We can rule out the first family, as I don't think that any Verdin has ever been as high in the air as our quiz birds appear. Of course, shape and plumage cues also rule out that species.
Our birds just don't have the long tails typical of the wagtails, so the second family is gone.
It's hard to come up with strong possibilities among the warblers, as the mystery birds seem too chunky. Additionally, except for Yellow-rumped Warblers in some places, I'm not sure that anyone has seen such a clumped flock of any species of warbler going over high. Since our birds are obviously not Yellow-rumped Warblers, the Parulidae can be sent packing.
Tanagers are chunky and many sport yellowish heads, so let's retain that family for now.
The only species that qualifies the Cardinalidae is Yellow Grosbeak and our birds just don't have the schnoz that that species carries around with it; bye-bye Cardinalidae.
The blackbirds sport a few members that have plumages with yellow heads, so the Icteridae can hang around for the second round.
The goldfinches are the reason that the Fringillidae was included, but our quiz birds' bills are too large and the birds lack white in the underwing, so they cannot be goldfinches.
In the second round, we can remove the tanagers, as all but Hepatic and Summer have strongly dark-and-light underwings (which our birds seem to lack) and the remaining tanagers don't have the dark tails that our quiz birds sport. That leaves us with the Icteridae. Various oriole species have members with yellowish heads, so let's go down that road. Streak-backed, Bullock's, Baltimore, Altamira, Spot-breasted, and Black-vented orioles don't have plumages with yellow heads. Unfortunately, almost all of the yellow-headed oriole plumages also seem to have yellowish tails. But, the real kicker is that orioles are, as a group, fairly round-winged. The strongly migrant species, particularly Orchard Oriole, have more pointed wings, but even those species don't exhibit the sharply-pointed wingtip of at least two of our quiz birds.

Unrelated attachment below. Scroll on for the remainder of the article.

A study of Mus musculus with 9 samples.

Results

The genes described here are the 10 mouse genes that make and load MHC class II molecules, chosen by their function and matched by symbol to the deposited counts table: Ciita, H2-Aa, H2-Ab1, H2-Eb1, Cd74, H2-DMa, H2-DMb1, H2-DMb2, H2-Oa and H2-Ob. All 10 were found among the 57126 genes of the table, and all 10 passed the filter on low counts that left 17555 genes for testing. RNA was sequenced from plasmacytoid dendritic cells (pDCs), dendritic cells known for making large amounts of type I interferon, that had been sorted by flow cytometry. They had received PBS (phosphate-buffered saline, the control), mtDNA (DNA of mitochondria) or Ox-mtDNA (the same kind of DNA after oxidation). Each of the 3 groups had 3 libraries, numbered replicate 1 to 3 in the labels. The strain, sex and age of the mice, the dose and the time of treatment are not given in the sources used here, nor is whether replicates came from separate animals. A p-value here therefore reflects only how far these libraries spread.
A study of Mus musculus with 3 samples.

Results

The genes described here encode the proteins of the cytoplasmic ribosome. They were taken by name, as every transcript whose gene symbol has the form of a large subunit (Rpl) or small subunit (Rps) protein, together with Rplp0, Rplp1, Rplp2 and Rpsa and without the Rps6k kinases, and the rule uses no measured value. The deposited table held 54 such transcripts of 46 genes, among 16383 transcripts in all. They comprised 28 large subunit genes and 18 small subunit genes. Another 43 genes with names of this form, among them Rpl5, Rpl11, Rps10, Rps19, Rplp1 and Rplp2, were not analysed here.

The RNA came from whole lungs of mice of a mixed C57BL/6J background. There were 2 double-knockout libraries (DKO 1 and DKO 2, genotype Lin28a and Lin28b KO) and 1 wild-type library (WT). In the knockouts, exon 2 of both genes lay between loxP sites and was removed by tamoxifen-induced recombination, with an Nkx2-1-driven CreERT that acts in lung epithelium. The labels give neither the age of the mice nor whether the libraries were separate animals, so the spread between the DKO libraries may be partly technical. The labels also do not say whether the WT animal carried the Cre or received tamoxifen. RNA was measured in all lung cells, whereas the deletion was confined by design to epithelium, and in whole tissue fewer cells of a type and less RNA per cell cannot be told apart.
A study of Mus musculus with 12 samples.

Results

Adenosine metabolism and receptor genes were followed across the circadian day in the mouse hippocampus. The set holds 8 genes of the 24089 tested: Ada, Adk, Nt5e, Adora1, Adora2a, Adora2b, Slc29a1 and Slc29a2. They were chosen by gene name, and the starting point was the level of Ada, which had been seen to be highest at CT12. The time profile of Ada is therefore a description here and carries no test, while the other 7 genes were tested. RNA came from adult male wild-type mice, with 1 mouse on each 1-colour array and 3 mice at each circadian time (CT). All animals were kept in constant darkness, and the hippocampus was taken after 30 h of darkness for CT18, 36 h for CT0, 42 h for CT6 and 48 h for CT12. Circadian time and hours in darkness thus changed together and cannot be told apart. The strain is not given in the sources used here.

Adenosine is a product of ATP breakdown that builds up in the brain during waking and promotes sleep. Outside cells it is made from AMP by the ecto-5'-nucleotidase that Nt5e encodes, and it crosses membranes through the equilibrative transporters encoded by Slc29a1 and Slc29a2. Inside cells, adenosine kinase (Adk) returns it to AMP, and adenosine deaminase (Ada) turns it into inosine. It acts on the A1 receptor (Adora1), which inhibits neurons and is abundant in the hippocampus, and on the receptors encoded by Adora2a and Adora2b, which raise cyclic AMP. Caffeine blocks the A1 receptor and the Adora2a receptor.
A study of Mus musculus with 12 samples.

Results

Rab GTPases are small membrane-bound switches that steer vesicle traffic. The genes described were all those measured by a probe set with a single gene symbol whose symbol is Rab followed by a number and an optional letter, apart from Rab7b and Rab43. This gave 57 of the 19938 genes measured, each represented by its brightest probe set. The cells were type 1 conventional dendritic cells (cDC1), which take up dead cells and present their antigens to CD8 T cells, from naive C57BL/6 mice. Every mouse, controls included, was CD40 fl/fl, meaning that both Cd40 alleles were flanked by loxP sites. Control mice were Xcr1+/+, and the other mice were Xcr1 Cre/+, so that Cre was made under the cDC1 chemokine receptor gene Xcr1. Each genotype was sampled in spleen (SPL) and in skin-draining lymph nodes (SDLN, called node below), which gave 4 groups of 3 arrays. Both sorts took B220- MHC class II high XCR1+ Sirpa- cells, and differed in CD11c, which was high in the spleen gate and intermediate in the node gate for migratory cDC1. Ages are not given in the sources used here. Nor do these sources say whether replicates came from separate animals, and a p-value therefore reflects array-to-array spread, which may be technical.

Well, if it IS and icterid, is NOT an oriole, and it's obviously not a Yellow-headed Blackbird, what is left? There IS a species of blackbird remaining, an odd one in many respects. It is strongly social and is the longest-distance migrant of any Icterid, thus at least partly explaining the pointed wings – long-distance migrants tend to have more pointed wings than similar species that are sedentary or migrate shorter distances.
The five Bobolinks in this picture were part of a larger flock flying over "The Dike" at Higbees Beach S.W.A., Cape May Co., NJ, on 19 September 2008, and were counted by the morning flight counter hired by the Cape May Bird Observatory. For more information on the phenomenon of morning flight and the project conducted at The Dike, head to http://www.birdcapemay.org/morningflight.shtml.
The following people (listed by submission date beginning with the earliest) submitted correct answers for the November Bird Photo Quiz—Bobolink:
The following list shows the number of submissions for each species guessed.
The photo and answer for this quiz were supplied by Tony Leukering.